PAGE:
World Press Freedom Day: Journalists recollect harassments they suffer
Srinagar, May 03: As World Press Freedom Day was observed on Thursday, with the journalists in Kashmir recalling curbs and harassment imposed on media fraternity over the years.
The World Press Freedom Day is observed on May 3rd. This year the theme was ‘Keeping Power in Check: Media, Justice and the Rule of Law’.
The day is observed to pay tribute to those journalists who have lost their lives while working on the stories they were passionate about.
Addressing this theme, the valley-based journalists feel there is little to celebrate as they continue to suffer while reporting on human rights abuses in the strife-torn valley.
Senior journalist, Yousuf Jameel said, “When it comes to press freedom, the Valley lags behind.”
“We have seen and experienced it over these years. No doubt, press is free in India but when it comes to Kashmir and other conflict zones, people have drawn a line.”
Jameel lamented that the valley was reeling “under conflict” and authorities further “curb their opportunities to report”.
“They create circumstances, in which it becomes difficult for us to perform our duties. There are recurrent curfews and strikes, internet clampdowns. No curfew and accreditation pass is given to the journalists in such a scenario,” he said.
Jameel regretted that the many important issues go unreported.
“Hundreds of incidents take place on daily basis that are worth reporting. One needs an official quote for that. Unfortunately, they don’t come forward to speak on the matter. There are handful of tweets and Facebook posts but overall the situation is not satisfactory.”
Speaking about the treatment meted to reporters, Jameel said some organizations give low wages to their staff despite making good profits.
While referring to the past, Jameel recalled many horrific incidents and harassment he faced at the hands of people and the government while reporting.
“In one incident, I lost one of my dear colleagues, Mushtaq Ali in the parcel bomb. In another incident, I was attacked by police and I was under immense pressure that I should leave this place. There were threats from both sides,” he said.
Jameel believes the aspiring journalists should be not be worried about earning quick bucks rather they should strive towards doing solid reportage.
“The budding journalists are often told about not take this career path as there is less scope to make money. When it comes to practicing honest journalism, you may not be able to earn much. But you will earn respect and with time, the big opportunities will follow you,” he said.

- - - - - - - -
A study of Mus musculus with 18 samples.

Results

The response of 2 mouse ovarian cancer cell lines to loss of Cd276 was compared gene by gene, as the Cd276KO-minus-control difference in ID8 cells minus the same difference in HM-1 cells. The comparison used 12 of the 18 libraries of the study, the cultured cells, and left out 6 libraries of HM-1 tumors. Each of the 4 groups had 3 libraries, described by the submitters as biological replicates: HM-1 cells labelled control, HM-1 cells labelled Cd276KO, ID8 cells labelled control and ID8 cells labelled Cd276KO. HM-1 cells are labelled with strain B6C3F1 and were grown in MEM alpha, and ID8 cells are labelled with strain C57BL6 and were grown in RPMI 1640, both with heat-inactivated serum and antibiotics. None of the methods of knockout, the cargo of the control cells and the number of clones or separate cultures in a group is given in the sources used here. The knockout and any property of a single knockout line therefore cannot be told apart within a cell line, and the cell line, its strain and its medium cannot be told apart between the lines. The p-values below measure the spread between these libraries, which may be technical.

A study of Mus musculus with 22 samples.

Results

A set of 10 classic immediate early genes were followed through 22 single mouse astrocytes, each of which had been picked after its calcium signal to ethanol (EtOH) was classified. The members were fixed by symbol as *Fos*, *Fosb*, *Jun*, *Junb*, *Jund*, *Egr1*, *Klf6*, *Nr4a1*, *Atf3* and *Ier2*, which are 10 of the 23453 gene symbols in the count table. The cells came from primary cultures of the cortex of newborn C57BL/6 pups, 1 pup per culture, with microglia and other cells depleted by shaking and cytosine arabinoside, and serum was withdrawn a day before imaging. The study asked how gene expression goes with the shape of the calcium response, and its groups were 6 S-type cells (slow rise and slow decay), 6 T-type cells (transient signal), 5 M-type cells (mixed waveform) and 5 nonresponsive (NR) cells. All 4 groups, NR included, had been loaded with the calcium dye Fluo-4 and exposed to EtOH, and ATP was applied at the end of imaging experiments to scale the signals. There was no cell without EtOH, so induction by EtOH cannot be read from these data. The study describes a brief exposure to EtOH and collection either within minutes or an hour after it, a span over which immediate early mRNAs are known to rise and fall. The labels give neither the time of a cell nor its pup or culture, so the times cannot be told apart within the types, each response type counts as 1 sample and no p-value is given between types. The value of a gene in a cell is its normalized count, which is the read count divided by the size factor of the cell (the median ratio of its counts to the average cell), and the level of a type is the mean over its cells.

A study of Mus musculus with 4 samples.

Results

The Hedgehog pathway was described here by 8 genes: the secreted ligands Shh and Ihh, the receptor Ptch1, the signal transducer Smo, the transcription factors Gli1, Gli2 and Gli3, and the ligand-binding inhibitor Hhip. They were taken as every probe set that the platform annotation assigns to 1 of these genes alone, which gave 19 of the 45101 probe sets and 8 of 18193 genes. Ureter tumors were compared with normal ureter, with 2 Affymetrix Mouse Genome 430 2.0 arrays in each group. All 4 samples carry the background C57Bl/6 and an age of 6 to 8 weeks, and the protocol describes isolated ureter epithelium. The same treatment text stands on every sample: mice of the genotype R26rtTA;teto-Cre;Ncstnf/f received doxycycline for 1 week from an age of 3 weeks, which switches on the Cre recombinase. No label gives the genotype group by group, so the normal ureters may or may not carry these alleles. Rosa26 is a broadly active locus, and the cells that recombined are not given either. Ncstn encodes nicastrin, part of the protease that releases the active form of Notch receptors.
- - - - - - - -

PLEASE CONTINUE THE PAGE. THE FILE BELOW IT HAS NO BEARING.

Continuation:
Anuradha Bhasin, another senior journalist, said the freedom and independence of press is under “much more strain” in the valley than rest of the country.
“The journalists have to face the wrath of security forces and now they have to face the public anger as well. Besides this, there is a tremendous pressure from the government,” she said.
Bhasin said, in recent times, the government has repeatedly stopped the flow of information by not letting the journalists’ report freely.
Bhasin said that there are number of good publications coming and strong voices coming up.
“Be as professional as you can, bring as many perspectives as you can in a story, and as rational as logical in your comment pieces,” she said in her message to budding journalists.
Khuram Parvez, wrote on Facebook, “On the world Press Freedom Day, we should salute the courage of all those Kashmiri journalists who have risked their lives for highlighting the truth. Despite threats, bans, arrests, killings most newspapers here kept the tradition of truth telling alive.”
In a report released by international media advocacy group ‘Reporters Without Borders (RSF),’ the journalists in Kashmir are often the “targets of violence by soldiers acting with the central government’s tacit consent”, said a report It added that the coverage of Kashmir, continues to be very “difficult, and there are no protective mechanisms”.
“Journalists working for local media outlets are often the targets of violence by soldiers acting with the central government’s tacit consent,” the report reads.
Referring to 2016 unrest in Kashmir, the report said that the Internet was “cut by the military and was often interrupted thereafter to prevent communication between protesters and prevent coverage by the media and citizen journalists”.